Sandy proved that Lower Manhattan is in desperate need of immediate resiliency and hardening measures. We are concerned about both the short and the long term. Lower Manhattan remains largely unprotected at Sandy’s third anniversary, and the potential is increasing for extreme weather events in Lower Manhattan.
CB1 is encouraged that progress is being made. A wide-ranging community-based process with New York Rising, an initiative of Gov. Cuomo, showed that a top priority was to address the needs of the vulnerable population and focus on making Lower Manhattan more resilient. This lead to the allocation of $6.75 million in state and city funds this past March for an engineering and planning study. The study will start next spring and will take two years. This means that there will be no study — no plan — before spring 2018.
On Tuesday the city submitted its application for a possible grant of up to $500 million in the Natural Disaster Relief Competition (NDRC) Phase II. Recently, the city committed to contribute $100 million to leverage potential funding for the Lower East side from Montgomery Street, north of the Manhattan Bridge, down to the Battery Maritime Building.
After intense lobbying by CB1, we established last week that the “Manhattan Tip” will now include Battery Park City and Tribeca, making the planning scoping area consistent with the application. The Federal government will announce in January which of the 40 applications from around the country will win a portion of the $1 billion.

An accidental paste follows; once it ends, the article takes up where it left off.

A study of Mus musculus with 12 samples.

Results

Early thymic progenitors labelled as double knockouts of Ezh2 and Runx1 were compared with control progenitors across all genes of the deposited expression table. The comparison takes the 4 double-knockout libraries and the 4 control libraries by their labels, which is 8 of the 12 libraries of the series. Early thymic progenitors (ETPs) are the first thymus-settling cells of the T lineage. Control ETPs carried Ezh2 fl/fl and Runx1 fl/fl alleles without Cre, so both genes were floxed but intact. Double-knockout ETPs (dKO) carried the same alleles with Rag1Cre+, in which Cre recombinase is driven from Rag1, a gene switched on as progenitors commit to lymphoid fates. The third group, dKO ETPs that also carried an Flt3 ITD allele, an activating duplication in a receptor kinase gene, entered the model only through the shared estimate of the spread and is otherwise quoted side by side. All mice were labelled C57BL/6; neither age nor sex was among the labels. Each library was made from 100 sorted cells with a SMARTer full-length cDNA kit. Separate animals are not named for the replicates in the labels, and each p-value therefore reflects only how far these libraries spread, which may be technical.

The city’s April 2015 report continues to mention the multi-purpose levee along Lower Manhattan’s eastern edge called “Seaport City” and this resiliency effort is being led by the city’s Economic Development Corporation. Specifically, CB1 is concerned about the long-term plan for this area of CB1’s Seaport and Financial Districts which envisions high-density development in an area already lacking critical infrastructure such as public school seats for a growing population and overloaded, deteriorating public transportation.
Mayor de Blasio released a report projecting sea-level rise in New York City between 11 inches and 21 inches by the 2050s, between 18 inches and 39 inches by the 2080s, and between 22 inches and 50 inches by 2100, with a worst-case projection of up to six wfeet by 2100.
The future is clear: higher water levels and more frequent flooding. In addition to extreme events, “nuisance” flooding — inundations hurting only lower-lying areas — will also increase. CB1 is a major business district and employment hub, the fastest-growing residential area in the city, and the linchpin of our tri-state mass-transit system. Climate change threatens all these assets, which benefit the entire city and the country as a whole.
Earlier this month I joined conference calls with the Office of Emergency Management on preparations for Hurricane Joaquin. Luckily, Joaquin veered out to sea. But extreme weather events are the new normal, and we must address the causes of climate change. Making excuses that it is too complicated or too expensive is defeatism: our friends in Holland and throughout Europe have found ways to minimize the threat of sea level rising and intense weather events. The technology is there and proven.
We are only at the beginning of a long process to harden our waterfront and save our city. Currently the portion of the “Big U” for the “Manhattan Tip” which includes CB1 is just a line on paper. Funding, design and construction will demand community participation and support.
Catherine McVay Hughes is the chairwoman of Community Board 1, which covers Tribeca, Battery Park City, the Civic Center, the Financial District and the South Street Seaport area.